The refugee crisis is “one of the greatest challenges for the future and for the conscience of the European Union”.
On 18th January, a press conference dedicated to introducing the European Apostolic Congress on Mercy (taking place in Rome, 31 March – 4 April 2016) and the World Apostolic Congress on Mercy (taking place in the Philippines, 16-20 January 2017) was held in the Vatican. On this occasion, the Archbishop of Vienna, Cardinal Christoph Schönborn, spoke about the ongoing refugee crisis:
“At a moment when ‘new nationalist sentiments’ are resurfacing and walls built up across the old continent, raising the ghost of the Iron Curtain, this time to fend off refugees and immigrants, we European bishops need to speak out as one, joining forces to defend a spirit of welcoming, giving concreteness to Europe’s Christian values”. Schönborn stressed that international, continental, national and regional congresses “are intended as a response to the Gospel call, which was emphasised by Popes John Paul II and Francis”.
The next European events will take place in Rome and will see those devoted to the Spirituality of Divine Mercy participate in the Jubilee with Pope Francis, on the evening of Saturday 2 April and at the mass in St. Peter’s Square on Sunday 3 April. One of the addresses will be dedicated to “Robert Schumann and political mercy in Europe”, an issue which Cardinal Schönborn has previously focused on, illustrating his answers with current examples. Schönborn said about Schuman, one of the founding fathers of the EU:
“The example of Robert Schuman is still current, the issue of mercy in politics is very current, just think about what the refugee challenge, for example, means for Europe’s politicians. Schuman, who experienced the tragedy of European division on his own skin, brought together the two cultures and sensitivities, through his own self and faith. He, along with De Gaspari and Adenauer, were among the great champions of European integration, which was a peace project, and as such a project of mercy too. Hence it is opportune to recall him as a figure today.”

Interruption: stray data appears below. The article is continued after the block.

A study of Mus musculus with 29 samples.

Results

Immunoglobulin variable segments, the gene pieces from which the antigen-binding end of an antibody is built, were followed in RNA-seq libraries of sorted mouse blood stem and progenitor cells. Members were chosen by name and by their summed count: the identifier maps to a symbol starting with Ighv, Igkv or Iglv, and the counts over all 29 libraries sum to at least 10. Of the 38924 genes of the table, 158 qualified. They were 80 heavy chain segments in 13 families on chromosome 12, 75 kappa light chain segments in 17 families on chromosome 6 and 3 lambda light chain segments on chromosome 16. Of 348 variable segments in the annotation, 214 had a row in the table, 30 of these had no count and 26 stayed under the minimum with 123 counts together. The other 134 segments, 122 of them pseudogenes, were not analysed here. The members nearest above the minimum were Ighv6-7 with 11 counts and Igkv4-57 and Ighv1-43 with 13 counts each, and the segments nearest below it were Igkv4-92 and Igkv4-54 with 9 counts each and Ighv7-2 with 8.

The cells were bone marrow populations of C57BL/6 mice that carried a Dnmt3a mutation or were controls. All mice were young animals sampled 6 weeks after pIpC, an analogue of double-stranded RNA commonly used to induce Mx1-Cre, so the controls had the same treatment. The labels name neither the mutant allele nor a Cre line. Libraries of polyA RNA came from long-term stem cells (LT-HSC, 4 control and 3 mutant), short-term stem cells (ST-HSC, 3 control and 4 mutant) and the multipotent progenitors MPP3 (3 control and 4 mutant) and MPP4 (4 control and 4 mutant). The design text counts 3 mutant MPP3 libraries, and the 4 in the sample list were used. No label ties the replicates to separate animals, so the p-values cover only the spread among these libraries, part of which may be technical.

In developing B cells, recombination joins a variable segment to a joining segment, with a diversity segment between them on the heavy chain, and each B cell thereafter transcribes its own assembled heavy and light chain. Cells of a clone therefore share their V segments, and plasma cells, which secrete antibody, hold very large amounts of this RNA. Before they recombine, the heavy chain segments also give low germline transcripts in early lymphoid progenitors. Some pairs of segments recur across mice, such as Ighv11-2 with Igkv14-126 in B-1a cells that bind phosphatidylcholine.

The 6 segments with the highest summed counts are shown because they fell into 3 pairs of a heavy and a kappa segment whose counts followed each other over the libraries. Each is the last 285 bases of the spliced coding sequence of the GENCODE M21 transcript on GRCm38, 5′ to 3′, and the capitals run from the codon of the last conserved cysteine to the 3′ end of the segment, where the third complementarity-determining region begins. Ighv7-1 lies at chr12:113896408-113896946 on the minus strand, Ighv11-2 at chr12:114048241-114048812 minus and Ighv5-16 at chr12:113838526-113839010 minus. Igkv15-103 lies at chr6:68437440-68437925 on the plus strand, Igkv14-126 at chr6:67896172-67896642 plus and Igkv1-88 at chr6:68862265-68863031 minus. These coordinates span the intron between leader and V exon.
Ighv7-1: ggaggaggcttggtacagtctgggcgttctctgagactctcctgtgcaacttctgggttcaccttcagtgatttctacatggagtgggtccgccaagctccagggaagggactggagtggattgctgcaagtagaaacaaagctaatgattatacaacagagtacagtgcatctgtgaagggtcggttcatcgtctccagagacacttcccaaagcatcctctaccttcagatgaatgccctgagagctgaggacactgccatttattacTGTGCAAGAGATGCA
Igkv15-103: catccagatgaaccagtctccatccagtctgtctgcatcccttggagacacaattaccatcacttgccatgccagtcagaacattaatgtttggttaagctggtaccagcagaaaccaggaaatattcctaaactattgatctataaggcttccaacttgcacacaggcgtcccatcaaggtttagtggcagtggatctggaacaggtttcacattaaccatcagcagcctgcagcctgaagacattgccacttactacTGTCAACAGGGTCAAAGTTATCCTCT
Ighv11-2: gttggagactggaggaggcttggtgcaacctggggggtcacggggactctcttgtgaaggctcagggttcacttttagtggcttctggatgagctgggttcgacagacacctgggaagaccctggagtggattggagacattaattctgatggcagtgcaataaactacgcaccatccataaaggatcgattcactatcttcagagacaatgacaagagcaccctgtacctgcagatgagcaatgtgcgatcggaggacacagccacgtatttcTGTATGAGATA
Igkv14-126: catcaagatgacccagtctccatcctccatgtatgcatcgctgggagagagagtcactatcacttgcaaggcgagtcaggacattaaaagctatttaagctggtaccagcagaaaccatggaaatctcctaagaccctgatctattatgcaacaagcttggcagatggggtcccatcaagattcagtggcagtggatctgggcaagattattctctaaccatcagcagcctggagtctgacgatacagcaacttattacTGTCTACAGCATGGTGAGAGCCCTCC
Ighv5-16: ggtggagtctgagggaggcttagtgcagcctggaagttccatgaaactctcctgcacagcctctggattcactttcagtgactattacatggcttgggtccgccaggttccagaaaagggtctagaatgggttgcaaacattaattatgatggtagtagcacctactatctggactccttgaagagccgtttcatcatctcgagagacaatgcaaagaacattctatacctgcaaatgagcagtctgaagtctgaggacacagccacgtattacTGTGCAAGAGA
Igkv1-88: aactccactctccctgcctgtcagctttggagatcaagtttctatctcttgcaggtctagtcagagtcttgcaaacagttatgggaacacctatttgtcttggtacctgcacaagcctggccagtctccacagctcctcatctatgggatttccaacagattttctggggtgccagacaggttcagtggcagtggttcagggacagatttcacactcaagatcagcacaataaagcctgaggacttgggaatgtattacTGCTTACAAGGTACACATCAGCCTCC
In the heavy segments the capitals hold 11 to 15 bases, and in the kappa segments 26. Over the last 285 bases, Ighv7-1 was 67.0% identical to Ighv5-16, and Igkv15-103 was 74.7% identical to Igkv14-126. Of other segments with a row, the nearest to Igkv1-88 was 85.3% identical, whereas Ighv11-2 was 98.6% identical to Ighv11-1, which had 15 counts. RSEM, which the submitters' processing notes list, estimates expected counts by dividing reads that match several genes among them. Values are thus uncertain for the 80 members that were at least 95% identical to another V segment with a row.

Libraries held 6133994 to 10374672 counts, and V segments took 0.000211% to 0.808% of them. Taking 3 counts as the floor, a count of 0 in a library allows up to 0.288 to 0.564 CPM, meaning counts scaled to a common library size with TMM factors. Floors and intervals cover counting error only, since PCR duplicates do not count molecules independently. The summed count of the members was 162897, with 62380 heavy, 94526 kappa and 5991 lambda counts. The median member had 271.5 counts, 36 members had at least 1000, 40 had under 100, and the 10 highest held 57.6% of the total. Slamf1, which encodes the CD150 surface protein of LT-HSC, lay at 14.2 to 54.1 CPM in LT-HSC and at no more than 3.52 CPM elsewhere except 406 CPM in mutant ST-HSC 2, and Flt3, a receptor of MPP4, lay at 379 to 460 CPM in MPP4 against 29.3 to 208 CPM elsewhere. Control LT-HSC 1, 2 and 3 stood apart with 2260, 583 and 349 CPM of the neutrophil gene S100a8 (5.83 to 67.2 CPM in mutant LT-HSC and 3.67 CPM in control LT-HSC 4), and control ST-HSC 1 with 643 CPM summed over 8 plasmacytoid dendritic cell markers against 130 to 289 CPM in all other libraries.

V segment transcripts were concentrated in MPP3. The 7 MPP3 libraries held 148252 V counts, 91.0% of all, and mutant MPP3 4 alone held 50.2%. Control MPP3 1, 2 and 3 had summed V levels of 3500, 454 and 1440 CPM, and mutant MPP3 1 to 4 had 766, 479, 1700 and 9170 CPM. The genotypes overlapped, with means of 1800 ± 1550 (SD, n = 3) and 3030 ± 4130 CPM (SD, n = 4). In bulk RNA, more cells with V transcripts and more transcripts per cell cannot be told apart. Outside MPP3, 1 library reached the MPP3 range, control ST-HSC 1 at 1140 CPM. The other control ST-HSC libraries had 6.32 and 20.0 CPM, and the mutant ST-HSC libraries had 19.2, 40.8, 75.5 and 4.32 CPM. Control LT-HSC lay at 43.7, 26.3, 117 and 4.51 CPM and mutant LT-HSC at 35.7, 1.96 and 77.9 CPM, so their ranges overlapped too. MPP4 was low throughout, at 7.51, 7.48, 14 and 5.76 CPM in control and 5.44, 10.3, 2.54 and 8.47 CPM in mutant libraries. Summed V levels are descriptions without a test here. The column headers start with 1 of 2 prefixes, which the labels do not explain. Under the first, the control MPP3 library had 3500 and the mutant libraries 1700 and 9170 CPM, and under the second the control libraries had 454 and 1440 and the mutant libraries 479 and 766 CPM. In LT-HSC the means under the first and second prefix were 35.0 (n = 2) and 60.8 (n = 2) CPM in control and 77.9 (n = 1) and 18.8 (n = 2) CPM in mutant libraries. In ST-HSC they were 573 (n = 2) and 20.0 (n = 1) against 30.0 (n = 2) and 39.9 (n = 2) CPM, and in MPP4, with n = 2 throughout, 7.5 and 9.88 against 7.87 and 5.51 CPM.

The refugee crisis, Schönborn went on to say, “is one of the greatest challenges for the future and for the conscience of the European Union. It challenges the authenticity of its values, starting with the welcome given to people in difficulty”. As such, Schönborn hopes “that European integration will occur not just on a political, economic and monetary level, but that it will first and foremost imply the integration of values. It is opportune to remember Robert Schumann at this time, because we must not forget that Europe was blood and tears during centuries of war between Christians. And now, in the face of the immigration and refugee challenge, which is a big challenge, there is a risk of people retreating into their shell; of borders, barriers and walls being raised again. We are faced with a new Iron Curtain. The challenge is whether prudence, charity and Christian mercy can overcome fears. There are new forms of nationalism that seem to have been overcome, but here we are in the midst of a new wave of nationalism in Europe.”
Schönborn said that although John Paul II, Benedict XVI, and Francis in Strasbourg provided a vision of Europe, “we lack a common vision to some extent. I hope European bishops are able to send out a joint message, give joint encouragement, but to be quite honest, we are not there yet.”
According to Schönborn, “The primary duty is to help refugees, in compliance with national conventions. But then there is the issue of integration, and it is not a new problem: the Paris attacks were not carried out by newly arrived immigrants but by immigrants’ children or grandchildren. This shows integration efforts have not worked. In Austria we have young people leaving to join Daesh; they are not refugees who have grown up in Austria. So the problem extends beyond the refugee issue.”